The Electoral System: Strengthen the Foundations before Fixing the Roof


Once, when people in Israel spoke about the need for political reform, they were referring to changing the electoral system. In the last decade, however, the focus of the discussion has shifted to improving the system of government; that is, to improving the relations between the government and the Knesset by increasing the power of the prime minister. This is the dominant trend in the Israeli marketplace of ideas today, from the proposal to adopt to a presidential system, through its poor sister "direct elections" of the prime minister, through the recommendation that the head of the biggest party automatically becomes prime minister, and finally through the proposal to require a special majority of 65, 70, 73, or 80 Knesset members to bring down the government.

These ideas all reflect an impatient desire for a quick fix, a magic bullet for all the ills of Israeli politics. But these solutions are misguided. All of the ills that have afflicted the political system in the last two decades—instability, high turnover in government ministries, bloated cabinets, prime ministers who are susceptible to pressure—are all symptoms of the same cause: the weakness of the ruling party.

Since 1996, Israel has had weak and withered ruling parties. Ehud Barak stood at the head of a Labor party that had just 26 Knesset seats out of a total of 120. Ariel Sharon became Prime Minister with a party of just 19 seats behind him. In the last two governments, the ruling party has also held less than a quarter of the Knesset seats and has been a minority within the coalition. As long as the ruling party continues to be small, even wonder drugs won't help. What the use of having a prime minister who can't be overthrown if he's up against an oppositional Knesset? What good can come from a minority government that is stable but paralyzed? The goal of any political reform, accordingly, should be to strengthen the major parties. And that goal cannot be achieved by changing the system of government. It must be done by reforming the electoral system.

Our electoral system is an extreme system. It is very proportional, it is appallingly national, and it is totally partisan. The proportionality of the system is a result of the fact that all of Israel is considered to be a single national electoral district and there is a low electoral threshold. This not only increases the number of parties but also distances voters from their elected representatives. Adopting a regional-proportional system would be an elegant solution for this problem, and would be even more suitable than the more familiar measure of raising the electoral threshold. Such a step would not only strengthen the major parties; it would also introduce a regional dimension into Israel's centralized political system. Such a step would also exert pressure on some of the parties to merge, or at least to run together in the elections.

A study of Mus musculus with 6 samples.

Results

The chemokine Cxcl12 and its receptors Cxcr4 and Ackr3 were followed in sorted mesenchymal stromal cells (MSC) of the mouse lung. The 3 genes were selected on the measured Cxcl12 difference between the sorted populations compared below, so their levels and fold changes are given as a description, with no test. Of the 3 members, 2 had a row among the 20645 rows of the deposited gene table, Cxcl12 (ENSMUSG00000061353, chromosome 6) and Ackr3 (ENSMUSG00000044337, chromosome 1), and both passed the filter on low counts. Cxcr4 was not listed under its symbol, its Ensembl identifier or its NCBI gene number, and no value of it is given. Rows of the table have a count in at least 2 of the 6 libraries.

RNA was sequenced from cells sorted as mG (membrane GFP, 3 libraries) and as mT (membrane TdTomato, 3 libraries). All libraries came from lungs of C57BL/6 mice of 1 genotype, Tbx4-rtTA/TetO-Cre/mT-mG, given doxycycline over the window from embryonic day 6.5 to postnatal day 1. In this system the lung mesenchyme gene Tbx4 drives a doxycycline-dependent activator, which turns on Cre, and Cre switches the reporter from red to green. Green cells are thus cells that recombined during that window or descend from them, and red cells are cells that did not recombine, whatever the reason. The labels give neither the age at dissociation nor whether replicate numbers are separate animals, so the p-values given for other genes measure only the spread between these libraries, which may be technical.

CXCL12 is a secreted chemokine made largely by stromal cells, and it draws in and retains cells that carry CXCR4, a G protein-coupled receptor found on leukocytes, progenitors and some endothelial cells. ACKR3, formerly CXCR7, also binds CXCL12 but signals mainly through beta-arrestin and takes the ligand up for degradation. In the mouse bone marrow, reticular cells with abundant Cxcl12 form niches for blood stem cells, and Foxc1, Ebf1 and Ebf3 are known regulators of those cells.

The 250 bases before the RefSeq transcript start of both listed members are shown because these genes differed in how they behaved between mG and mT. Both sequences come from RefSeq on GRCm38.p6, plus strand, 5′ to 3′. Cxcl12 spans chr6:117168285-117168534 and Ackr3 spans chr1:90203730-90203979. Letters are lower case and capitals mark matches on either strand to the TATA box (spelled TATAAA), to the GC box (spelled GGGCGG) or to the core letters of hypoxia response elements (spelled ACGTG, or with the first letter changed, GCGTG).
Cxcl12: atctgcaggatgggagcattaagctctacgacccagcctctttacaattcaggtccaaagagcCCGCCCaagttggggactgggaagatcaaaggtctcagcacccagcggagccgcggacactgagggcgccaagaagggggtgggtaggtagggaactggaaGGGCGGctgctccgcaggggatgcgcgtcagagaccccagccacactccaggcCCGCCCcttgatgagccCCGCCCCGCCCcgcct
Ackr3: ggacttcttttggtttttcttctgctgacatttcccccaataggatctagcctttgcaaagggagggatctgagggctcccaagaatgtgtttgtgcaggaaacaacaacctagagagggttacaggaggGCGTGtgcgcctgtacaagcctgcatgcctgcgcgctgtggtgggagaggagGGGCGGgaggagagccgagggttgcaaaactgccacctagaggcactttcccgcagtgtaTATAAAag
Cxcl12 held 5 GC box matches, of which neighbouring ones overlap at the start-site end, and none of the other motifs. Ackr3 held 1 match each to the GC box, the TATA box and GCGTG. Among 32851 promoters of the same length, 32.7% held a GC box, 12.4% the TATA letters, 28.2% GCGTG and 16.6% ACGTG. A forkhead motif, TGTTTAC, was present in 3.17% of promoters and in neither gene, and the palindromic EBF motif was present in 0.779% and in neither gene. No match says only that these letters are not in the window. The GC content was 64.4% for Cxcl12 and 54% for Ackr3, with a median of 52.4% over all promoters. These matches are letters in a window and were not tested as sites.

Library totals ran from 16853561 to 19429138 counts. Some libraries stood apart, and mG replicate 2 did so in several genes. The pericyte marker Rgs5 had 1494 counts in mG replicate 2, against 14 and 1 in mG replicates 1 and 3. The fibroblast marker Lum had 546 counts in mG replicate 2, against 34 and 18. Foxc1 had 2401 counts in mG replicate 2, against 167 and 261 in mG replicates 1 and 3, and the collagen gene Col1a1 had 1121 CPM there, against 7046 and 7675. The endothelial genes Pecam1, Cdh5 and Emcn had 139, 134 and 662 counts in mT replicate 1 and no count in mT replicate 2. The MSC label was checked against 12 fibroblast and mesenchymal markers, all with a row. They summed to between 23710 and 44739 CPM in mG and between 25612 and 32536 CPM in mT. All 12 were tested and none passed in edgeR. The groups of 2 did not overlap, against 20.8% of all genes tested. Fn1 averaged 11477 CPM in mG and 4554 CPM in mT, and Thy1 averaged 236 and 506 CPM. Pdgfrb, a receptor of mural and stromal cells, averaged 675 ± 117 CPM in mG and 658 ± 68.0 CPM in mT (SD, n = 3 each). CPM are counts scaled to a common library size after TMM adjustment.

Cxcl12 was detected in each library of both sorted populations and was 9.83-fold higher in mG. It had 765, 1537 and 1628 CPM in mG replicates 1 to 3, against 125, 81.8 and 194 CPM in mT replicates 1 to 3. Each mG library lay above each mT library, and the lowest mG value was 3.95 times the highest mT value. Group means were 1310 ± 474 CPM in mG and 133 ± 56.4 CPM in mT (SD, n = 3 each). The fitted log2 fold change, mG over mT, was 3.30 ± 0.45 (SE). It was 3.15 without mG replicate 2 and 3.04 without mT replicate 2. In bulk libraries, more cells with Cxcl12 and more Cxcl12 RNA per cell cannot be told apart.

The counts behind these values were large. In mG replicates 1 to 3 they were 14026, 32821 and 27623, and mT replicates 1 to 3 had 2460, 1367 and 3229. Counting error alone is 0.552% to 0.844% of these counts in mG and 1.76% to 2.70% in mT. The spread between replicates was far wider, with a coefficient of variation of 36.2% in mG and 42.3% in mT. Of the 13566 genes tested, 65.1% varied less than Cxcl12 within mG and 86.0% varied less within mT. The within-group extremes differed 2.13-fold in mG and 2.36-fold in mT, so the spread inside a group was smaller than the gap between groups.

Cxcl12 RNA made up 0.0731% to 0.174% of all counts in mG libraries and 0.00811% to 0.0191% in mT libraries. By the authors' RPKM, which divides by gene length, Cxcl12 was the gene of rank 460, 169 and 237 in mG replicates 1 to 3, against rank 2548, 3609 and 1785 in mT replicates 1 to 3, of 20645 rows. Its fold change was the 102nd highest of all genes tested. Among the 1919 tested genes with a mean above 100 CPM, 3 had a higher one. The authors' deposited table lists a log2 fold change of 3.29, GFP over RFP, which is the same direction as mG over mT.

The argument that a regional system is not a suitable method for Israel because of its small geographical size is not convincing. Many countries that are much smaller, such as Luxembourg and Malta, use electoral districts. Those who object to the introduction of a regional system because it will force parties to run on joint lists that are artificially connected also mislead the public. Let's not forget that the Ma'arach, which played a role in Israeli politics from 1969 through 1988, was never a party; it was a political alignment comprised of several parties. Similarly, when the Likud rose to power in 1977, it was an electoral alignment and not an actual party. Historical experience has shown that often, artificial political alignments such as these eventually become unified parties.

Beyond adopting a regional-proportional system, it is also necessary to change the format of the ballot. Israel is exceptional in the democratic landscape in that the voters cannot see the names of the candidates on the ballots. The ballots must be changed to include the names of the candidates on the party list. Moreover, voters should be given the opportunity to indicate their preferred candidates on the ballot and, in so doing, to increase the chances of those candidates to be elected to the Knesset. This would neutralize the shortcomings of the primary system, which gives too much power to vote brokers of dubious character and to party members who are far from a representative sample of the party's voters.

In considering the debate over electoral reform, we can draw an analogy to the renovation of a house on the verge of collapse. Measures such as adopting a presidential system, direct election of the prime minister, and requiring a special majority for votes of no confidence, are comparable to repairing the shingles on the roof or replastering the walls. But what we really need to do is to repair the foundations, and that must be done by addressing the electoral system. True, this is a complex process that will take more time; it cannot be done in one fell swoop. But it is the most comprehensive and appropriate measure. 

Find out about the recommendations of IDI's Forum for Political Reform, which include measures for reforming the electoral system.

Dr. Ofer Kenig is an IDI researcher who heads the Political Parties Research Team of IDI's Forum for Political Reform in Israel.